Thank you, Mr President, and Eid Mubark to you all, distinguished representatives of the Security Council.
I also thank Special Envoy Staffan de Mistura for his determination and skill in seeking to find a way forward, above all, for the Syrian people, who have suffered for so long.
New York, 27 July 2017
As delivered by Assistant Secretary-General and Deputy Emergency Relief Coordinator Ursula Mueller
Mr President and distinguished representatives,
Mr President and distinguished representatives,
As delivered live from Geneva
I am horrified by reports that scores of people including civilians have been killed by an explosion near their convoy during an evacuation from the besieged towns of Foah and Kefraya.
My deepest sympathies go out to the families of those killed and those injured.
The perpetrators of such a monstrous and cowardly attack displayed a shameless disregard for human life. International humanitarian law is very clear: warring parties must protect civilians and distinguish between military and civilian targets.
UNDER-SECRETARY-GENERAL FOR HUMANITARIAN AFFAIRS AND EMERGENCY RELIEF COORDINATOR STEPHEN O’BRIEN
Ladies and gentlemen,
I know it pains us all to observe that the conflict in Syria has entered its seventh wretched tragic year, as the world - much of it represented in this room - has witnessed one of the largest man-made humanitarian and protection crises unfold over the battle-smashed communities and infrastructure of a once thriving lower middle income country.
The conflict in Syria has entered its seventh grim year. Since March 2011, its people have watched huge parts of their beloved country reduced to rubble.
The toll taken on civilians is inexcusable. Hundreds of thousands of people have been killed. Almost five million people – the majority of them women and children – have fled the grotesque violence and deprivation and are now living as refugees. Too many who set out on perilous journeys to escape the war perished on the way.
Mr. President and distinguished Council members,
With the Secretary-General, I welcome today's news of the Security Council's unanimous adoption of the resolution in support of the mediation efforts by the Russian Federation and the Republic of Turkey to facilitate a ceasefire in Syria, and the Council’s renewed call to allow rapid, safe and unhindered humanitarian access throughout Syria in order to reach all people in need, wherever they are.
As delivered to the Council by OCHA Officer-in-Charge, Director of Operations John Ging.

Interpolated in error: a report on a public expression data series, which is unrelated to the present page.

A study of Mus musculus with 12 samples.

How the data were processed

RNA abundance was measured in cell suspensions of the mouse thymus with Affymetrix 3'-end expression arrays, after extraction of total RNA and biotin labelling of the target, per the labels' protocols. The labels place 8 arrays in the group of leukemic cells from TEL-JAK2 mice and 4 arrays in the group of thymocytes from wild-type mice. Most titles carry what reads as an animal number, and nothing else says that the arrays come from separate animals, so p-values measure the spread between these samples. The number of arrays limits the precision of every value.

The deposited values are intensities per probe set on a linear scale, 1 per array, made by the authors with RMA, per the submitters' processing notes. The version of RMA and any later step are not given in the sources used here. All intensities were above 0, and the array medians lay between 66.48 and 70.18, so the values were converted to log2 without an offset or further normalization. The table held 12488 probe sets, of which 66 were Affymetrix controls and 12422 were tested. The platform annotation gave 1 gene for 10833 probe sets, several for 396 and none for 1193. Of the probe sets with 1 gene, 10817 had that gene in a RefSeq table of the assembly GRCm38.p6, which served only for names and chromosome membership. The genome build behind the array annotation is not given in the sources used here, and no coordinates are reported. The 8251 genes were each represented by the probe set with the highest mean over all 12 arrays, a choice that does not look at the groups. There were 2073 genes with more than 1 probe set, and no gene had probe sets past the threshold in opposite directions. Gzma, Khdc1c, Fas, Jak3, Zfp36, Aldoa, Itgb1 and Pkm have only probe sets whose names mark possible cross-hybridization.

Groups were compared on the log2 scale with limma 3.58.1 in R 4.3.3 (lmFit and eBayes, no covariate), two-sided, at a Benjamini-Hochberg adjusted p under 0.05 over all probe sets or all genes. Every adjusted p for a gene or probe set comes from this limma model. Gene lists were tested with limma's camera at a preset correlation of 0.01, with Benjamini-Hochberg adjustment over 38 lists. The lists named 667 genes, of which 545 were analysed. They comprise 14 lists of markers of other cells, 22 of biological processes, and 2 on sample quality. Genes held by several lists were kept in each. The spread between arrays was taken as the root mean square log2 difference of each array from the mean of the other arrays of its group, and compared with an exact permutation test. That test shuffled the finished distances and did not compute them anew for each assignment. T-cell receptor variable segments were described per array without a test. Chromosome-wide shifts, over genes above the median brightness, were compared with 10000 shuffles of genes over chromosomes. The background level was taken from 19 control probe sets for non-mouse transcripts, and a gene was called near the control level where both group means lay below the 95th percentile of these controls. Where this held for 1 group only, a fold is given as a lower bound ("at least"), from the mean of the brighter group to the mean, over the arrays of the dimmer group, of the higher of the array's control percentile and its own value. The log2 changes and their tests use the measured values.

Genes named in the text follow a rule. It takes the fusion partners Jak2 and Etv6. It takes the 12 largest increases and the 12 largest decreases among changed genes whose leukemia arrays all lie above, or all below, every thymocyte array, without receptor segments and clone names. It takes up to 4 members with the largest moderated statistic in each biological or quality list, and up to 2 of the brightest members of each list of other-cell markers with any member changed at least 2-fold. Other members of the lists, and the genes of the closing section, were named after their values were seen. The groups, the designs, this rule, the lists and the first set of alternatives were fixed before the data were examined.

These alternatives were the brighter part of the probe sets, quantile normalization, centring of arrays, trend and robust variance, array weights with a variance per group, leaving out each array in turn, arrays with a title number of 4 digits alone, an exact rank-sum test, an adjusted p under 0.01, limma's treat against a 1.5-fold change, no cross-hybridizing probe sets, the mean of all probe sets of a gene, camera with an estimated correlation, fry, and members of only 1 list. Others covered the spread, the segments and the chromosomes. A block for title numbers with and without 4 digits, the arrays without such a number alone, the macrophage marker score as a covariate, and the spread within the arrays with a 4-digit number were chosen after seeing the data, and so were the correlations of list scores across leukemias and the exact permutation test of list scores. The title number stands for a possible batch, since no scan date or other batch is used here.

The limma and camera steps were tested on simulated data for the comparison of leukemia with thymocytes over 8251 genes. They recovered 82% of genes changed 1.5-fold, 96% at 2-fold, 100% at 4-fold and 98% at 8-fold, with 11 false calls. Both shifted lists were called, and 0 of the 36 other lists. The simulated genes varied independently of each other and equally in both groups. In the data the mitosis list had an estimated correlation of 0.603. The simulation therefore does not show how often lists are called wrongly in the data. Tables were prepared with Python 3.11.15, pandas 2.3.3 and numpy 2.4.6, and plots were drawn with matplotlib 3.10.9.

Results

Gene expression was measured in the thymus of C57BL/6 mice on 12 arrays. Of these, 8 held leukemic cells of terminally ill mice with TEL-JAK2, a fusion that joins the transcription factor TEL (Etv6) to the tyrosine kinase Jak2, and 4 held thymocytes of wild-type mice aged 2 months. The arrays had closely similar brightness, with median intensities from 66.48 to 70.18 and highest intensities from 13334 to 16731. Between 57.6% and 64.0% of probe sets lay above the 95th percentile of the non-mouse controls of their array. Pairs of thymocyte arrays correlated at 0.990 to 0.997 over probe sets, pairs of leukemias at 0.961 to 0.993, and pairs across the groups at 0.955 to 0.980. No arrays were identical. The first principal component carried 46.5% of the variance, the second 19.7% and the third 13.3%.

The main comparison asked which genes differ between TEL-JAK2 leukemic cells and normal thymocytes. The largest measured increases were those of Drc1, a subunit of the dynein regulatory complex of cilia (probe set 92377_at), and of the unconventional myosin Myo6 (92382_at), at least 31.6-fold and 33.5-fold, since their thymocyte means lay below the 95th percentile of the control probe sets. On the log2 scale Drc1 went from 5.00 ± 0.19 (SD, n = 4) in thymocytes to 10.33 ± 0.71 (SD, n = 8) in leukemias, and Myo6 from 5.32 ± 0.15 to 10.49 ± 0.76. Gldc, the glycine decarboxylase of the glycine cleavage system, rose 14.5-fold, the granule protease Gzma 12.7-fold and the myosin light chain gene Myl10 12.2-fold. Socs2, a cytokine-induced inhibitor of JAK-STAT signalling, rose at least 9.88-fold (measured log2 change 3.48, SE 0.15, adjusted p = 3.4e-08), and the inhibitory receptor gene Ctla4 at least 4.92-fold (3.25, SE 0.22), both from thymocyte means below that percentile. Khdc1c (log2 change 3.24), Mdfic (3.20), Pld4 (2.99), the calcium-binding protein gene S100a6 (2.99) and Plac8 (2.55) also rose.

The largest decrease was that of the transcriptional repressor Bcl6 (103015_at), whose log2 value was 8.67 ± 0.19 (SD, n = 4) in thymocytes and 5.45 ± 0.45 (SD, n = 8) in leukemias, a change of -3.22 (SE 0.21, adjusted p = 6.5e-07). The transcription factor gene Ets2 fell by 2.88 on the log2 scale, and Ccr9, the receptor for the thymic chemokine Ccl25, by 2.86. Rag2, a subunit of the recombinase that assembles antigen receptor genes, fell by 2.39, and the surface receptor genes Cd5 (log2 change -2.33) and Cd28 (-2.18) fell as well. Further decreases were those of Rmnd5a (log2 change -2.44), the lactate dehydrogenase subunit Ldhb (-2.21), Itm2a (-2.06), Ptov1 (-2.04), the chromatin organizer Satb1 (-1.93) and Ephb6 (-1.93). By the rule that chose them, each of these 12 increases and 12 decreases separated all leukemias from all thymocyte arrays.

I provide this update to the Security Council today on behalf of the Under-Secretary-General for Humanitarian Affairs and Emergency Relief Coordinator, Mr Stephen O’Brien.
As we meet today, the evacuation of the eastern districts of Aleppo may have concluded but the situation in Syria remains catastrophic. Some 13.5 million people within Syria are in dire need of humanitarian assistance, including nearly 9 million who are food insecure.
I welcome the adoption of resolution 2328 (2016) by the Security Council.
I sincerely hope that, through the passing of this resolution, all parties and those with influence over them will finally and unequivocally ensure that civilians in Aleppo who have suffered so much and for so long are afforded all necessary protection and assistance.
Our task now is to turn these words into meaningful action. It is vital that the resolution is fully implemented without any delay.
I remain extremely alarmed at the severe human tragedy unfolding before our eyes in Aleppo.
In the past 72 hours, air strikes, shelling and street-to-street combat, particularly in the city’s eastern neighbourhoods, have killed or injured scores of civilians. Since yesterday, thousands more fled the fighting in besieged eastern Aleppo with nothing more than the clothes on their back and their children in their arms.
Statement on the resumption of life-saving assistance at the Jordan-Syria border:
I welcome the resumption today of UN inter-agency humanitarian aid operations at the “berm” along the Syrian-Jordan border.
The resumption of humanitarian operations has opened a lifeline to an estimated 85,000 Syrians – three-quarters of them women and children – stranded in a remote, arid desert area, in desperate need of lifesaving assistance and support.
As we meet again this month, the suffering of civilians in Aleppo and across Syria rages on unabated. Horror is now usual – it is a level of violence and destruction that the world appears to consider normal for Syria and normal for the Syrian people. Month after month I have reported to this Council that the level of depravity inflicted upon the Syrian people cannot sink lower, only to return the following month with hideous and, with shocking disbelief, new reports of ever-worsening human suffering.